By Amy Silverman
By Olivia LaVecchia
By Monica Alonzo and Stephen Lemons
By Chris Parker
By Michael Lacey
By Weston Phippen
Thanks, new reader: I am new to the area and had never even heard of your paper before someone told me about your story concerning a chimp and a diabetic lady ("Felonious Monk," Paul Rubin, August 21). They live about three miles from me. I laughed a lot at the beginning of the story because of the way you wrote it, and then it got kind of serious. My bottom line is, why can't the government just make the woman promise to keep the chimp inside, until he reaches a certain weight, then return him to the sanctuary or whatever? What a waste of time and taxpayer money. Anyway, I enjoyed the story and the paper.
Sue Foster, Surprise
Let Joey and her keeper be: Joey is needed. He is needed by this woman for her safety and allows her to have freedom, privacy, and dignity in her life. We all know how necessary that is. Stop, all you officials, and place yourself in that young woman's place.
Would you choose a daily live-in caregiver that would take away your privacy or would you choose this well-trained, lovable "buddy" that gives this woman the care, support and privacy that she well deserves? Shame on all of you.
Claire Bickford, New River
Help for her; home for him: This woman is a nut. I'm Type 1 diabetic and it is by no means "debilitating." There is absolutely no reason why a diabetic can't lead a normal life without a chimp, for crying out loud. I just carry the sugar source with me . . . Hello! She needs professional psychological help, and the animal needs an appropriate home.
Products of the "panic culture": For those of you who are calling Betsy Schneider's photography pornography, I issue a challenge: Go see it for yourself ("The Daily Show," Amy Silverman, August 14). Then go purchase two magazines — one fashion and one pornographic. Critically examine the images and compare them to Betsy's photographs of her daughter. I think you'll find that it is nothing at all similar to what the uninformed persons of the "panic culture" are calling it. Also, ask yourself why the images make you feel uncomfortable — and then question the influences that cause you to think that way. Don't be a bleating sheep, screaming, "But what about the children!?" Schneider's kids are probably far better adjusted than the typical child, who's so full of anti-depressants and Adderall.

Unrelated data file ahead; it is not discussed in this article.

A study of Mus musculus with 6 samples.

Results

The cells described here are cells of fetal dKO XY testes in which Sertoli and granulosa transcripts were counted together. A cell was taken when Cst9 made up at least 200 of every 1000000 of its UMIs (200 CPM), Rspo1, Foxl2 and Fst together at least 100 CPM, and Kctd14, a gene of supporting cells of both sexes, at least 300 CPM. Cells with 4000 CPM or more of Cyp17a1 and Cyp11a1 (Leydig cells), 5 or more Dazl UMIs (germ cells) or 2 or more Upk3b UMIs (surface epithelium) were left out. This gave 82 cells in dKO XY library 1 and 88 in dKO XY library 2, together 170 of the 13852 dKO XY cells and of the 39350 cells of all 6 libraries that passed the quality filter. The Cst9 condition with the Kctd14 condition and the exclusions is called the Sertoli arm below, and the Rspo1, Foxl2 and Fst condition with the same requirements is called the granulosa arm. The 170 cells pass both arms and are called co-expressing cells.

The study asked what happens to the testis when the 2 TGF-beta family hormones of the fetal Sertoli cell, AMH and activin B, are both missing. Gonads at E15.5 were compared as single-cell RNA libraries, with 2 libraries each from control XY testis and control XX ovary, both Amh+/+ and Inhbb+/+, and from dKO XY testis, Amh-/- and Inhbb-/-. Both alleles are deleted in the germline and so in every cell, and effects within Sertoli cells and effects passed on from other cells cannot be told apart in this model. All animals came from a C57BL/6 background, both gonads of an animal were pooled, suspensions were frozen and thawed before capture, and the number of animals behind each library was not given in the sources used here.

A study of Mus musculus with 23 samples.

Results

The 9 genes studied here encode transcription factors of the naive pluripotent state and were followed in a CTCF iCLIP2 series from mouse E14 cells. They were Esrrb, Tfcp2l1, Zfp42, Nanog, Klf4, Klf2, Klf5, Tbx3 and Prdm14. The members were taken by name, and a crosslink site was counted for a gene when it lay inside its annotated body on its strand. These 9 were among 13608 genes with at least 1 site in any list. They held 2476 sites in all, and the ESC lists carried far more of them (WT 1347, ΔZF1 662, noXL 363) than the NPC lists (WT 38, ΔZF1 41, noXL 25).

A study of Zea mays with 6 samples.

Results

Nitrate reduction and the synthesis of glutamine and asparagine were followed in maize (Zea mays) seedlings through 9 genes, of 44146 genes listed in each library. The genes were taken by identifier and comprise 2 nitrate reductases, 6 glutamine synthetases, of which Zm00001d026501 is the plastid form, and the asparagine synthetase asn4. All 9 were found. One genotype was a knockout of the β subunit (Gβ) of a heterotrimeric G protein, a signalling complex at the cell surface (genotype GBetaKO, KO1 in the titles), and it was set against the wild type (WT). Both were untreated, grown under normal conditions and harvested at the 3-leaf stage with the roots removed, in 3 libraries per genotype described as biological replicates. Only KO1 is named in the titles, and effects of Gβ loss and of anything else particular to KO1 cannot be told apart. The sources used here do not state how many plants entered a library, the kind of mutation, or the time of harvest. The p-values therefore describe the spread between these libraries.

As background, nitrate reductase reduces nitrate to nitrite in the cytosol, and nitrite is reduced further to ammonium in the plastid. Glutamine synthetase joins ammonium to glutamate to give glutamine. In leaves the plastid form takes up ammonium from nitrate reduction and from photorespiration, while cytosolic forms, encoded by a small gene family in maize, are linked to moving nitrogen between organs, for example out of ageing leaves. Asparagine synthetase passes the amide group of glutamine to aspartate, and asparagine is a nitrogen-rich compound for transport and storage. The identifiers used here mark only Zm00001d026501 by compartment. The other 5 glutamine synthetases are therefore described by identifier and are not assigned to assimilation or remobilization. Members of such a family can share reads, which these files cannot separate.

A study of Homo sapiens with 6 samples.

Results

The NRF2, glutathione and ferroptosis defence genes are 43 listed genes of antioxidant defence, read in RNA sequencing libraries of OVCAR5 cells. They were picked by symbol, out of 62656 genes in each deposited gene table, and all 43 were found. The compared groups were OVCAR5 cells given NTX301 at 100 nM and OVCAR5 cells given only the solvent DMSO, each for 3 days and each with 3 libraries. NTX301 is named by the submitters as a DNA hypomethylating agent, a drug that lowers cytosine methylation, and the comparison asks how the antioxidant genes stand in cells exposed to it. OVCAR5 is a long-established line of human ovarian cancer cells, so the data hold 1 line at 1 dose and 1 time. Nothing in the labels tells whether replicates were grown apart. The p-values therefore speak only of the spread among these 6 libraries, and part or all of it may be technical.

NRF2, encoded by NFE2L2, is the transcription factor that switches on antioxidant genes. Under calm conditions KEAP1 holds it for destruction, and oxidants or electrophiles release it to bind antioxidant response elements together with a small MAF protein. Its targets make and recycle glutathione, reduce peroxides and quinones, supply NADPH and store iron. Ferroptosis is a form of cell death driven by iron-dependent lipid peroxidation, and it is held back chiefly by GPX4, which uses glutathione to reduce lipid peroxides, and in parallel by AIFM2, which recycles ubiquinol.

Sick and twisted!: Your publication is just as sick and twisted as the stupid lady who calls this art. You should have never published these pictures in your magazine! Your publication crossed the line, big-time! And I pray that someway, somehow, you're shut down!
THIS IS McCAIN COUNTRY?
That year, I had the pleasure of working for a gentleman and visionary named Harry Braun. Harry, who was Mr. McCain's Democratic opponent, had a comprehensive plan to convert the United States into a hydrogen-energy economy and turn Arizona into the Saudi Arabia of hydrogen energy.
Unfortunately for the United States and the state of Arizona, Mr. McCain, as demonstrated in his recent endorsement of increased offshore drilling, learned nothing from Harry's proposal for energy independence.
In my view, any voter who has the least bit of concern for the future of their children and grandchildren might want to consider this footnote to the history of Mr. McCain's political career when entering the voting booth this November.
Richard A. Smith, Phoenix
Poor Cindy McCain: Thank you for your piece. After the Saddleback forum and the answers that McCain gave, I started to question his sincerity and irritating bravado. Defeat evil? Does he even recognize that only God can defeat evil?
Your comment about Cindy McCain's drug situation is a big window into how McCain treats his women.
If he can lose his temper and use other people for his ego, I wonder what's going on in the privacy of his own home. I see Cindy dutifully standing by his side — rigid, devoid of any enthusiasm. What's going on? I feel sorry for Cindy for being used by an egocentric future president of the United States. God help us!
Josie Altarejos, Seattle
McCain in a silly straw hat: Please note that Ev Mecham didn't say or use the word "pickaninny." He instead defended an author who had used it in a book he had read and said he didn't see anything wrong with his using it in the context. Not exactly forgivable, but facts are facts.
I'm so glad to see someone finally talk about the Keating Five other than the New York Times, but where's the old file photos of McCain cavorting in those silly straw hats on Keating's island? I always thought they were just as devastating as Gary Hart's sitting with that gal on his lap on the good ship Monkey Business.
Steve Weiss, Phoenix
Embarrassed to be a Democrat: It's disturbing how downright cruel and hateful some Democrats get with their now-all-too-familiar smearing of opponents. Then, after they smear, they turn around and accuse the Republicans of the offense.
Smearing reached its zenith with Jim Carville and the Clintons, and now is the modus operandi for too many in the party. I'm embarrassed to be a Democrat when I read garbage like Amy Silverman's article.
I'm also not beholden to the party and will vote for who's best for the country, not for my party.